The EPA claims that Greenfield Global USA failed to design and maintain a safe facility.


Under the settlement, the company has agreed to pay a penalty of $179,596 and certify compliance with all its CAA GDC and EPCRA requirements.

Greenfield is a privately owned company that provides chemical repackaging, formulation and storage services at its facility in Brookfield, Conn. The company stores and processes numerous toxic chemicals at this facility for which it is required to annually report on its releases of the chemicals under the federal Emergency Planning and Community Right-to-Know Act (EPCRA) Section 313.

The reports are filed in EPCRA's Toxic Release Inventory (TRI) database, which is available to the public. Greenfield also uses and stores chemicals that are considered extremely hazardous substances ("EHSs") and covered under the CAA's GDC, including chloroform, formaldehyde and sulfuric acid.

The company's alleged violations were first documented during an EPA inspection at Greenfield's facility at 58 Vail Rd.

EPA claims that the company failed to design and maintain a safe facility, which is necessary to prevent releases under CAA GDC requirements, and failed to properly submit nine reports regarding certain toxic chemicals to EPA's TRI database for the years 2017 and 2018.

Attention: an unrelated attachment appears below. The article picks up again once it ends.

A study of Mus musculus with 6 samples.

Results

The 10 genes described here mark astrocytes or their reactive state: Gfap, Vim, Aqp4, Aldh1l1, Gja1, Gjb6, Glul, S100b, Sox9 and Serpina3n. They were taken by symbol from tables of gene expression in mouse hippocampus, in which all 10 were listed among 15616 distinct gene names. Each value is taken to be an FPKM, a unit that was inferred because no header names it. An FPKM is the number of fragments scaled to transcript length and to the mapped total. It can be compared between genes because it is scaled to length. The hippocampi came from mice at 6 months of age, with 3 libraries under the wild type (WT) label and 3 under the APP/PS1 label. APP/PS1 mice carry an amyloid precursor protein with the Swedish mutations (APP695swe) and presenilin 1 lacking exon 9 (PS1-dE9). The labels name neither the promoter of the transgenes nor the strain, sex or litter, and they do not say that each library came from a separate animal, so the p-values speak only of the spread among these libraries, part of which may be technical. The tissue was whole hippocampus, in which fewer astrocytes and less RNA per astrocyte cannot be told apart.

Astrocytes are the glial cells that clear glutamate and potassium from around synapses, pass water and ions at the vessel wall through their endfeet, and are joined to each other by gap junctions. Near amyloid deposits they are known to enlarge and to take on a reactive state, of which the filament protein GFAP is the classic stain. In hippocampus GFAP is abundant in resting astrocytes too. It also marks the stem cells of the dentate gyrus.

Greenfield was cooperative with EPA throughout the inspection and enforcement process.

The facility is located within a half-mile of several retail businesses, two highways and a residential neighborhood. In addition, the neighboring community of Danbury has several environmental justice concerns, including proximity to hazardous waste and Risk Management Program facilities.

The company's storage of hazardous chemicals at the facility had the potential to present a substantial risk to human health and the environment, due to the presence of carcinogenic and highly flammable substances.

This case is part of an initiative to improve safety and compliance at chemical warehouses. Through the initiative, EPA Region 1 has brought several civil and criminal cases against chemical warehouses and published information to assist with compliance.